It’s kind of funny that the Mercedes-Benz A-class has never been offered in the United States, given that the U.S.—and more specifically, California—was a key reason the brand ventured to launch a vehicle below the C-class at all. See, in the early 1990s, it looked as if California was hellbent on going electric. And Mercedes-Benz felt it needed a car like the A-class to stay in business there. Hence its sandwich-style floor construction, with a space reserved for batteries, and its altogether ultraefficient design.
When legislators of the time cooled on the idea of electrification, work on the A-class had progressed so far that Mercedes-Benz decided to turn the car into a conventionally powered model. It hewed to its dorky/efficient vibe for two generations, until 2012, at which point the A-class morphed into a sporty and lifestyle-oriented alternative to the Volkswagen Golf and the Audi A3. Now comes the fourth-gen A-class, and it follows in the tire tracks of its most recent predecessor.
Unveiled at a large event in Amsterdam, the hatchback version of the new A-class won’t be offered in America. But it will serve as the technical basis for seven further models: short- and long-wheelbase versions of the A-class sedan, a new CLA-class sedan and shooting brake, the next-gen GLA- and B-classes, and an as yet unnamed, rugged-looking small SUV sometimes referred to as the GLB. The U.S. market will receive the A sedan (Canada will get the hatchback, too), the CLA, and the GLA for sure, and the little off-roader is a distinct possibility. That’s reason enough to take a close look at this new model.
Compared with the outgoing A-class, the new version has a slightly longer wheelbase, and it is slightly taller and wider as well as longer. The expanded footprint translates into significantly more interior room and more luggage space. But, remarkably, the A-class doesn’t look a lot bigger than before. The styling is cleaner, sportier, and quite a bit more modern. Its front end evokes the latest CLS with an aggressive grille that flares toward the bottom and slim headlights. The rear is wider and features vertically split taillights.
Mercedes has considerably upgraded the chassis and powertrain portfolio. Depending on the power output, there are two rear suspensions; the U.S. market spinoffs will receive the more upscale multilink axle reserved for more powerful and all-wheel-drive models. The A-class suspension also offers three variations: normal, a lower sport version, and a setup with adjustable dampers. Wheel sizes range from 16 to 19 inches in diameter.
The gasoline-powered engine portfolio will consist of a 1.3-liter turbo four and a 2.0-liter turbo four, both available in several power levels; there is also a 1.5-liter turbo-diesel. The diesel and the smaller gasoline engine were co-developed with Renault, while the larger gasoline engine belongs to Mercedes’ new four- and six-cylinder engine family. There are a six-speed manual and two different seven-speed dual-clutch automatic transmissions.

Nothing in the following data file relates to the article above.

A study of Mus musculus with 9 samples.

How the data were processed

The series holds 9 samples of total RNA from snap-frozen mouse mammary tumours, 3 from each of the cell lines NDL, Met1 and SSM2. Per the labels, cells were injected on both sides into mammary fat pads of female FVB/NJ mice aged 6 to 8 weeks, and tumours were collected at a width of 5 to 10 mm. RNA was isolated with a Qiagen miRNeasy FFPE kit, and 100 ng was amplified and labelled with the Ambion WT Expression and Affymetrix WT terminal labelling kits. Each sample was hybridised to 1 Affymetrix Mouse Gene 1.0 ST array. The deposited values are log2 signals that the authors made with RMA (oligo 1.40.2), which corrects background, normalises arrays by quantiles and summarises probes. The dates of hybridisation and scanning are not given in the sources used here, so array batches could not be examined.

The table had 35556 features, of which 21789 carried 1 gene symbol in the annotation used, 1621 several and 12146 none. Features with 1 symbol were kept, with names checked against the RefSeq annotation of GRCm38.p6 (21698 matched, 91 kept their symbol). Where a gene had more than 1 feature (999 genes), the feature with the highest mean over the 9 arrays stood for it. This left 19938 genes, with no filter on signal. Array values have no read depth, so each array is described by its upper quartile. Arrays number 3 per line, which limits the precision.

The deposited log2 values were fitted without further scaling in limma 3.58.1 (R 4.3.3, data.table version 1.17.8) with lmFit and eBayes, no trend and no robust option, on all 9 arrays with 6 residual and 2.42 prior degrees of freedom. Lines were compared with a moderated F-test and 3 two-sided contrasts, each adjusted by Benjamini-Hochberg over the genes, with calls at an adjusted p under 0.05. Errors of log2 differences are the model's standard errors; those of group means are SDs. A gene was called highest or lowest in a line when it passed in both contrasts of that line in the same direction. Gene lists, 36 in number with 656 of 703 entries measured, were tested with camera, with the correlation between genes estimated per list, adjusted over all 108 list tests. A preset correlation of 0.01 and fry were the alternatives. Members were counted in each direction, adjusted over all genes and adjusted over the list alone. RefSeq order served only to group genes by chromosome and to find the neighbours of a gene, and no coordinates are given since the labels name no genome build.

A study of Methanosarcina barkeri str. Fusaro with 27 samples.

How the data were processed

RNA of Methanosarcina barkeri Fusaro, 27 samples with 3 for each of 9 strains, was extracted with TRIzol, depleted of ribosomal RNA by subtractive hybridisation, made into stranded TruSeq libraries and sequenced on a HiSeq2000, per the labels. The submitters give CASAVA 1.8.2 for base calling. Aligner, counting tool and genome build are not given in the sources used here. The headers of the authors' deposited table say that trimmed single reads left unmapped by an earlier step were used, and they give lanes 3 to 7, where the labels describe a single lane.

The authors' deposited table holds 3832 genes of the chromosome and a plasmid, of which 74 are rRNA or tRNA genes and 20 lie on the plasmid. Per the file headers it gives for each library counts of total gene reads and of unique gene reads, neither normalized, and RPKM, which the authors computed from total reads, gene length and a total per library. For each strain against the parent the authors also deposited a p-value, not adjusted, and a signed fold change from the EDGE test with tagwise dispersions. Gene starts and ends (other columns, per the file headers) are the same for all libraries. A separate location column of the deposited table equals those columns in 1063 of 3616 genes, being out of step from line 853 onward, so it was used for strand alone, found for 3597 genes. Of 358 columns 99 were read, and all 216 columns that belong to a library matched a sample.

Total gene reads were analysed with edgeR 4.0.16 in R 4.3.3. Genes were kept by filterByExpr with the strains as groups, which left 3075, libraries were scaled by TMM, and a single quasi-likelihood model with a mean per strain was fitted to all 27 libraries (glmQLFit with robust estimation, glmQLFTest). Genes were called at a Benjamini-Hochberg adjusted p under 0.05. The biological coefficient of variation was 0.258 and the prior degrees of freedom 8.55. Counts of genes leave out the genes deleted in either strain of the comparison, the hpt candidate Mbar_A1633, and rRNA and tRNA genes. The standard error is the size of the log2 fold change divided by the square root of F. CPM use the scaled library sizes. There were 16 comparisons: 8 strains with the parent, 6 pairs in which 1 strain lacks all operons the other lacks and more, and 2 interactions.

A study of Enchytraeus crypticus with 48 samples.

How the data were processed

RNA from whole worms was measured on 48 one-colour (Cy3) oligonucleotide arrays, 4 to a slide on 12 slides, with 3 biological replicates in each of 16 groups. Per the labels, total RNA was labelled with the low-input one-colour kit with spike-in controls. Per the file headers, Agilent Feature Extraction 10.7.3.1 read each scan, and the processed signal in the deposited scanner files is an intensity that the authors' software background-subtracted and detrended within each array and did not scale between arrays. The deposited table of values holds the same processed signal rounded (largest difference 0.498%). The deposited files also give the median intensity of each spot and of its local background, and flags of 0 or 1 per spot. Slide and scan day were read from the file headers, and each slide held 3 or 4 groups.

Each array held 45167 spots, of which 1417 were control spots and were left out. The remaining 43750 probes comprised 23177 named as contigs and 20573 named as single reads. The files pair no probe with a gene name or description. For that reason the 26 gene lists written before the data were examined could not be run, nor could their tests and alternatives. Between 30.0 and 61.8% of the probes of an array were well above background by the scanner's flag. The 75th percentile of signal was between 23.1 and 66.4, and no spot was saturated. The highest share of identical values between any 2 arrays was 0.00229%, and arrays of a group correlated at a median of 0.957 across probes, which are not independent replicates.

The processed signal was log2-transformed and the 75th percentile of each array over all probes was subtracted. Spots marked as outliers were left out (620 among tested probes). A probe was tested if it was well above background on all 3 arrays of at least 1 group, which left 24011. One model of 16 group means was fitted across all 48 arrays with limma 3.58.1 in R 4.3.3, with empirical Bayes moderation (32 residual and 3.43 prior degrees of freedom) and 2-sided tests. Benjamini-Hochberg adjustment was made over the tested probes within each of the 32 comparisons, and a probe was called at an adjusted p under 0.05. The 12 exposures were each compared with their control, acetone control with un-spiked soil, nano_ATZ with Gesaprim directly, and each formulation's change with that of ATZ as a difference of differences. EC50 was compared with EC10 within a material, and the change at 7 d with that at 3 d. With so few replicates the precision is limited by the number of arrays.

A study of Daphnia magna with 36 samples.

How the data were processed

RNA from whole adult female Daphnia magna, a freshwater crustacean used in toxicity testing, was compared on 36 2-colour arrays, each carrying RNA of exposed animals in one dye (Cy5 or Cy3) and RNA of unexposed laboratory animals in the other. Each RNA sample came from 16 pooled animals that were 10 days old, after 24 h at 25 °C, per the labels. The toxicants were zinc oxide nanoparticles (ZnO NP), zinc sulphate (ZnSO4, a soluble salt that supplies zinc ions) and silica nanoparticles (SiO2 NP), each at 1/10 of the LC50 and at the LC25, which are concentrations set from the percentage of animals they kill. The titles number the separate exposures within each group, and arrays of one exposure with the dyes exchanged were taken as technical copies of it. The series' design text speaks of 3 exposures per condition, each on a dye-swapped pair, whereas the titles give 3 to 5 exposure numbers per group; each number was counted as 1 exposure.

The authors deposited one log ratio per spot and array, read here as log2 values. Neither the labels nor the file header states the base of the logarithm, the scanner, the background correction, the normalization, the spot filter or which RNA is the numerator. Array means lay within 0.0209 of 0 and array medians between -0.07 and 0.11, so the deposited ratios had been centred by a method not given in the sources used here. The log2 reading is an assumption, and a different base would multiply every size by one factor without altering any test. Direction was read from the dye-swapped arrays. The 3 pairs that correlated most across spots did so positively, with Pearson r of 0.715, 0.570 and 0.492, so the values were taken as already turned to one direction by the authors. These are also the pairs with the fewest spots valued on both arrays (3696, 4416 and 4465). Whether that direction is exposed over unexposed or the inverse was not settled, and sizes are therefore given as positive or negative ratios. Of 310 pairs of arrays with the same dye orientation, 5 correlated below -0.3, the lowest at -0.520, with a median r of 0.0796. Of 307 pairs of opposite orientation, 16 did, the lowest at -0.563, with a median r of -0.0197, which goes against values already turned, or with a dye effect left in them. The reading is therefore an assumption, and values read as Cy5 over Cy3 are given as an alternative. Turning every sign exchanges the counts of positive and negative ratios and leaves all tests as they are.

The U.S. market will only get the powerful 2.0-liter four, likely to be rated at 221 horsepower and mated exclusively to a dual-clutch automatic. Later, we will see an AMG version with close to 400 horsepower, likely to be called the A53, and there could be an A40 model with around 300 horsepower to split the difference. Mercedes’ 4Matic all-wheel drive will be optional on the A250 and standard on the AMG models.
Inside the A-class, the changes are even more sweeping. The dashboard features a free-standing panel with two screens; it looks a lot like those of the E- and S-class, but it is even more advanced. The user interface, which Daimler calls MBUX (short for Mercedes-Benz User Experience), is arguably the most advanced in the industry and certainly in its class. It comes with voice control that lets you go ahead and share your feelings (“I am cold”), with the idea being that the car will figure out what you are talking about. You can activate it by casually saying, “Hey, Mercedes.” And the center screen is now touch sensitive. There is a touchpad on the center console, too, and we especially like the multiple styles of the TFT screens.
All of this will eventually migrate to the C-, E-, and S-class lineups, but for the time being, the A-class features the most advanced system. The time of trickle-down electronics is over; today, everything is about being quick to market. Available safety and autonomous-driving systems are virtually on par with the S-class.
Going beyond electronics, the interior also offers three different types of seats, and the dashboard can be specified with real wood trim. The ambient-lighting system offers 64 colors and different modes with changing moods. We look forward to getting behind the wheel of the new A-class hatchback to glean insights about the models we’re destined to see in the United States. The first of those, the sedan version, should be unveiled within the next few months.